JOHOR BARU: Traders here are continuing to enjoy brisk business, with loads of Singaporeans crossing over to take advantage of their strong currency.
Johor Indian Muslim Entrepreneurs Association secretary Hussein Ibrahim said more and more Singaporeans were driving into the state via the Causeway and Second Link, especially during the weekends, for shopping and dining.
“We are currently seeing a 15% increase in Singaporean customers at our restaurants, money changers and even petrol stations.
“The current exchange rate favours the Singapore dollar compared to the ringgit, which encourages Singaporeans and those working there to come here to do their shopping and dining as it is very affordable to them,” he said yesterday.
Despite the strong Singaporean patronage, Hussein said he hoped the government would be able to address the decreasing value of the ringgit as soon as possible.
This is because locals earning Malaysian ringgit lose out in spending power compared with their Singaporean counterparts, he added.
“The cost of living in the Johor Baru area has gone up. Locals are being priced out, which is hard for them and businesses that are also dependent on local customers,” he said.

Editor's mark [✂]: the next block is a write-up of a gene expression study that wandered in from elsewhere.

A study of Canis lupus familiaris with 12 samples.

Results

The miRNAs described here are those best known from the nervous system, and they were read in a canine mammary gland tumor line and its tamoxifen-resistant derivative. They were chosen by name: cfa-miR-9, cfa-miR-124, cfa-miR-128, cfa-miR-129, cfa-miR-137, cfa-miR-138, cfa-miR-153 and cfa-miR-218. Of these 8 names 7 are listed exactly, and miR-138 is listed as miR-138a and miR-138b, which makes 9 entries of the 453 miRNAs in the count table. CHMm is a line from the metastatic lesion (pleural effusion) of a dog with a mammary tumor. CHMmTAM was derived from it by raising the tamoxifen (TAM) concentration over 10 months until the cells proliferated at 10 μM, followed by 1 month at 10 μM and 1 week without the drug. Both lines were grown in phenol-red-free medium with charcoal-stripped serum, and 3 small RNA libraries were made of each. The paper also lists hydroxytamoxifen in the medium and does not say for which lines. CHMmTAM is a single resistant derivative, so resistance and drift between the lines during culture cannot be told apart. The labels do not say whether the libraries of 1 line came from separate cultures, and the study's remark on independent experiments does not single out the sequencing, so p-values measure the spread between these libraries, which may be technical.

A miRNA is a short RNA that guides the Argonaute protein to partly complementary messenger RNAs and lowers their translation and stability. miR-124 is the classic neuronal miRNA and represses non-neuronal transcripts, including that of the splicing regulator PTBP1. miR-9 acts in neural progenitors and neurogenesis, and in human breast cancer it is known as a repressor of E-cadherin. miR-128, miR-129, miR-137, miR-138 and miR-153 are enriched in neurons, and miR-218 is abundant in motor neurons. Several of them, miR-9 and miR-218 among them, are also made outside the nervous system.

Johor Indian Petty Traders Association president D. Ravindran said he expected more Singaporeans to cross over to the association’s Deepavali bazaar located at Taman Tampoi Indah, with the festival just a week away.
“We are expecting last-minute shopping from our Singaporean customers, as that is usually the case.
“Singaporeans prefer coming here to get must-have Deepavali items such as murukku because it is much more affordable for them here than buying it in their own country.
“They are able to buy in bulk, spending about RM500 each, which is a small amount for them when converted to the Singapore dollar,” he said, adding that there were more than 30 stalls at the bazaar.
South Johor SME Association adviser Teh Kee Sin said ever since the land border between Malaysia and Singapore reopened on April 1 last year, businesses located around the Johor Baru city area had been doing well.
Coupled with the currency exchange rate, it gave a huge advantage to Singaporeans and Malaysians working in the island republic, he said.
“Businesses in the services sector, such as food and beverage, retail, including car wash, hairdressing and even spa, are seeing more Singaporean customers, especially now,” he added.